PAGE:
Security is an industry that changes rapidly, as should its terminology. Given the speed with which technology and its context evolves, it comes as no surprise that words that were once sufficient to express a security concept may before long cease to be useful in that same capacity. After a few significant, high profile privacy gaffes in the last few years, the word “breach” may either need to be expanded or replaced.
What is a breach?
A quick search for definitions of the word “breach” result in a few different, relevant options:
- A gap made by breaking through a wall, barrier, or defense.
- Breaking or failing to observe a law, standard, agreement, or code of conduct.
In a security context, “breach” has historically tended to fit the first meaning, though companies are often fined for being in violation of regulations after a breach. That said, recent privacy gaffes seem to be expanding the security-specific version to include violations of informal expectations of appropriate conduct as well.
It may seem that, since both meanings fit comfortably within the English definition of the word, this is fine. But arguably, this just dilutes the meaning and makes it less clear what transpired, or what actions should be taken in the aftermath. Very different actions and reactions may seem appropriate, depending on what type of incident occurred, and whether there’s evidence that attackers accessed sensitive data.
Broadening the definition
For the purposes of this post let’s clarify that I’m talking about three different scenarios: breach types 1, 2 and 3. The strictest – and most widely accepted – definition I’ve seen of “breach” is that a gap was found in a defense, and that attackers accessed or exfiltrated data. We’ll call this breach Type 1.
Something I’ve also heard included in the definition of breach is where a gap was made or found, but that no unauthorized parties accessed data. The organization in question is announcing that they’ve found and fixed a problem before any damage could be done. We’ll call this breach Type 2.
The most rare and problematic definition is a privacy blunder that fits the second definition above, rather than the first. This variety also does not actually require an attacker; customer data was intentionally exposed. We’ll call this breach Type 3.
The implication for the first two types of breach is that an attack – or accident – happened. The company that was breached, even if found to be criminally negligent in failing to maintain adequate defenses, is generally considered to be the victim of a crime. In Type 1, customers are also victimized. The expected response after such incidents is for the company to address the gap, pay for credit monitoring when appropriate, and to apologize to customers who can now take steps to protect themselves.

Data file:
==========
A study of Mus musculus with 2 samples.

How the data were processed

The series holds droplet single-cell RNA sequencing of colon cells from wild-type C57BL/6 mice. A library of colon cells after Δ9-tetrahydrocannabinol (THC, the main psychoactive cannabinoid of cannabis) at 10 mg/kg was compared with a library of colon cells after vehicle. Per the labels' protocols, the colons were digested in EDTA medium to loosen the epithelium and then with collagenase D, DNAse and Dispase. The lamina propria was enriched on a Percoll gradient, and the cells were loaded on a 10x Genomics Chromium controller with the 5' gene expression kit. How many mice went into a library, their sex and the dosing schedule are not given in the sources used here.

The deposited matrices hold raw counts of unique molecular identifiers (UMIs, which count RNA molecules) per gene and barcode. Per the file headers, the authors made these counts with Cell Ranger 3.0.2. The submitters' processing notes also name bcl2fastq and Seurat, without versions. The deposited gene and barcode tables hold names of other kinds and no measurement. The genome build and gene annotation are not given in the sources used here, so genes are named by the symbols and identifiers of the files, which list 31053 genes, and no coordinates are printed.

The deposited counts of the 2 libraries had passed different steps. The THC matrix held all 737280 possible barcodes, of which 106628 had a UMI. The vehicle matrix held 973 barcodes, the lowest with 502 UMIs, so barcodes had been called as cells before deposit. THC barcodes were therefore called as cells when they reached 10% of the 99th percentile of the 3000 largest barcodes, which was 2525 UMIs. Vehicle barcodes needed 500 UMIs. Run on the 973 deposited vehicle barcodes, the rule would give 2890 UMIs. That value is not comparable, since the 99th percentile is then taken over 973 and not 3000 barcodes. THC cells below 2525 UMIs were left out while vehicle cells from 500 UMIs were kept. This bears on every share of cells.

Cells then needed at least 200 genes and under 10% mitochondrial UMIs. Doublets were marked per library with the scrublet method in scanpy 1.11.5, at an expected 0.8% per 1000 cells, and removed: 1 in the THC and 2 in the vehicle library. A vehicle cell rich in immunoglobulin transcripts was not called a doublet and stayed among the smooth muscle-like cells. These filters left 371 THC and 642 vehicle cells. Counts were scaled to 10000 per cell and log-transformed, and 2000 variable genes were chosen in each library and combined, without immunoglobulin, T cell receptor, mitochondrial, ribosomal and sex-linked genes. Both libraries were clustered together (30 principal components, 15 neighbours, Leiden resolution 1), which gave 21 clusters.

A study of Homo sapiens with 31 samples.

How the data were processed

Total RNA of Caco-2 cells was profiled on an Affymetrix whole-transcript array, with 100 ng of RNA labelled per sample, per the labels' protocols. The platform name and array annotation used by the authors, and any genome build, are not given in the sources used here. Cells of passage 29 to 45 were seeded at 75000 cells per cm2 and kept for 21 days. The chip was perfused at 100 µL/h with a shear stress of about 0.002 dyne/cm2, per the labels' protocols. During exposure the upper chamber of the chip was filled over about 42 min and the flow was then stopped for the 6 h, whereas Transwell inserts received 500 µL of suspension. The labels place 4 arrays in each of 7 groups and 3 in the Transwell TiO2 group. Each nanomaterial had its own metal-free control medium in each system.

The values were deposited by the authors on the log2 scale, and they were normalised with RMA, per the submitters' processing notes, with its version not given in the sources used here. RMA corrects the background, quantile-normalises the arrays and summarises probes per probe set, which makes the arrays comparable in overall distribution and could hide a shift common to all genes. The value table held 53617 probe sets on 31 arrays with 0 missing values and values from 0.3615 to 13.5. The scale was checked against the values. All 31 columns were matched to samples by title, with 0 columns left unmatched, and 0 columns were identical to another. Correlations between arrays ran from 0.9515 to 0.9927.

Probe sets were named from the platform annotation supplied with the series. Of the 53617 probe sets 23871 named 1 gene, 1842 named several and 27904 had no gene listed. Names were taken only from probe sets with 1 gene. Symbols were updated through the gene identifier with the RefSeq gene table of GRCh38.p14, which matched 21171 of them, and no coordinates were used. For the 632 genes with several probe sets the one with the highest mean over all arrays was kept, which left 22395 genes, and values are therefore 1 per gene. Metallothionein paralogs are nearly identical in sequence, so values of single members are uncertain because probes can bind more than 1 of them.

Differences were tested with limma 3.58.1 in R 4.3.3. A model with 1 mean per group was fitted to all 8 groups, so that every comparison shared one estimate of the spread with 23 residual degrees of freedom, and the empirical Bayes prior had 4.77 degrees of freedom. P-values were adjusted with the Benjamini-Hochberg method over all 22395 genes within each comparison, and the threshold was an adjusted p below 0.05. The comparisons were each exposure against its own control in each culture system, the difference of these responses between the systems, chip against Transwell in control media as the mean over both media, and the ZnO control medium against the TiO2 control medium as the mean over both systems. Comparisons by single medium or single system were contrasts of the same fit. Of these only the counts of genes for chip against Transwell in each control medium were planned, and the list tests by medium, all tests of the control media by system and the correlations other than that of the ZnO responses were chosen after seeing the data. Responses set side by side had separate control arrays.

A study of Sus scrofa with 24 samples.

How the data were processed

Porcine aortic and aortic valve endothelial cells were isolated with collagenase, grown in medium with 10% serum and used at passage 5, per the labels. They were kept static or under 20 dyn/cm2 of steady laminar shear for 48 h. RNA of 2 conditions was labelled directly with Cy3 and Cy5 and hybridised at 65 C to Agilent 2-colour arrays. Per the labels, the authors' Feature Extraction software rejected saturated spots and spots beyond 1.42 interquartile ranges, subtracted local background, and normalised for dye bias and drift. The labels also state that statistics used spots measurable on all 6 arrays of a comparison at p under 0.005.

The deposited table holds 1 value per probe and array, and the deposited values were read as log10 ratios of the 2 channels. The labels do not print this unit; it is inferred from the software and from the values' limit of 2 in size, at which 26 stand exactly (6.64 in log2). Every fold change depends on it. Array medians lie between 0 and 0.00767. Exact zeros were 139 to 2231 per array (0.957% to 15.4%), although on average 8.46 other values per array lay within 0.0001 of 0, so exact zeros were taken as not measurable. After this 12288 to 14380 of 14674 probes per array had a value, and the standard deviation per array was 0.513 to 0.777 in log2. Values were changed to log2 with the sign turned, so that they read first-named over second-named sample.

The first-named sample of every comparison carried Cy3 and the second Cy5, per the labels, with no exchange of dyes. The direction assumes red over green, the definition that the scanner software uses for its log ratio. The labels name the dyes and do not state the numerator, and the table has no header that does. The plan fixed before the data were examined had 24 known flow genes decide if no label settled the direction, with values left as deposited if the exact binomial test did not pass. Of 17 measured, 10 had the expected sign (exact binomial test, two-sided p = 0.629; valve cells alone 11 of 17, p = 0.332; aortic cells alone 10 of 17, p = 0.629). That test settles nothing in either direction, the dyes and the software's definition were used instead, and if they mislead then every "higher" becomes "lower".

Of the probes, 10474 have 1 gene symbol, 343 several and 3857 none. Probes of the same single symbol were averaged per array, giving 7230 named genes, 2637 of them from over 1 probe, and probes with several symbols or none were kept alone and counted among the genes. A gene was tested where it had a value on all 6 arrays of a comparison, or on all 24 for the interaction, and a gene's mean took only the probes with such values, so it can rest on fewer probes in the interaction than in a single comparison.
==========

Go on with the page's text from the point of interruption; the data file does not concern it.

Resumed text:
An example of Type 3 would be a company failing to adhere to acceptable standards of care with regards to customers’ sensitive data. The usual response to the discovery of this type of incident – though it’s the most problematic and reprehensible one – is for the company to argue that it’s not actually a problem, because this scenario was spelled out within the End User License Agreement (EULA). Customers have little recourse against this type of breach because it often deals with “marketing data”, which may or may not be personally identifiable. This doesn’t make the violation of privacy any less impactful, however.
Type 2 is almost a “breach-lite”, because a company is being proactive and transparent about a potential problem that was found and fixed. The end result of this sort of announcement tends to be an overall improvement in customer trust.
Types 1 and 3 are more problematic and tend to result in long-term damage to an organization’s image. In the worst-case scenario of either Type 1 or 3, companies are playing fast and loose with data that have been entrusted to them. But it’s still worthwhile to draw a clear line between the two different types of event
How definitions inform our response
The distinction between failing to make the necessary investments to adequately protect our data and deciding that our PII is their resource to do with as they wish, may seem slight. But the difference is significant in what it tells us about future behavior.
One of these is an act of omission and apologies are often swift; the other is an act of commission and is often vigorously defended before any apologizing occurs. It’s reasonable for customers to be wary after Type 1, but eventually to trust again if the company proves that it has improved its defenses. It’s also reasonable, after Breach 3, for customers to have a much greater feeling of distrust; this sort of incident shows that a company’s business model may be at odds with protecting our privacy.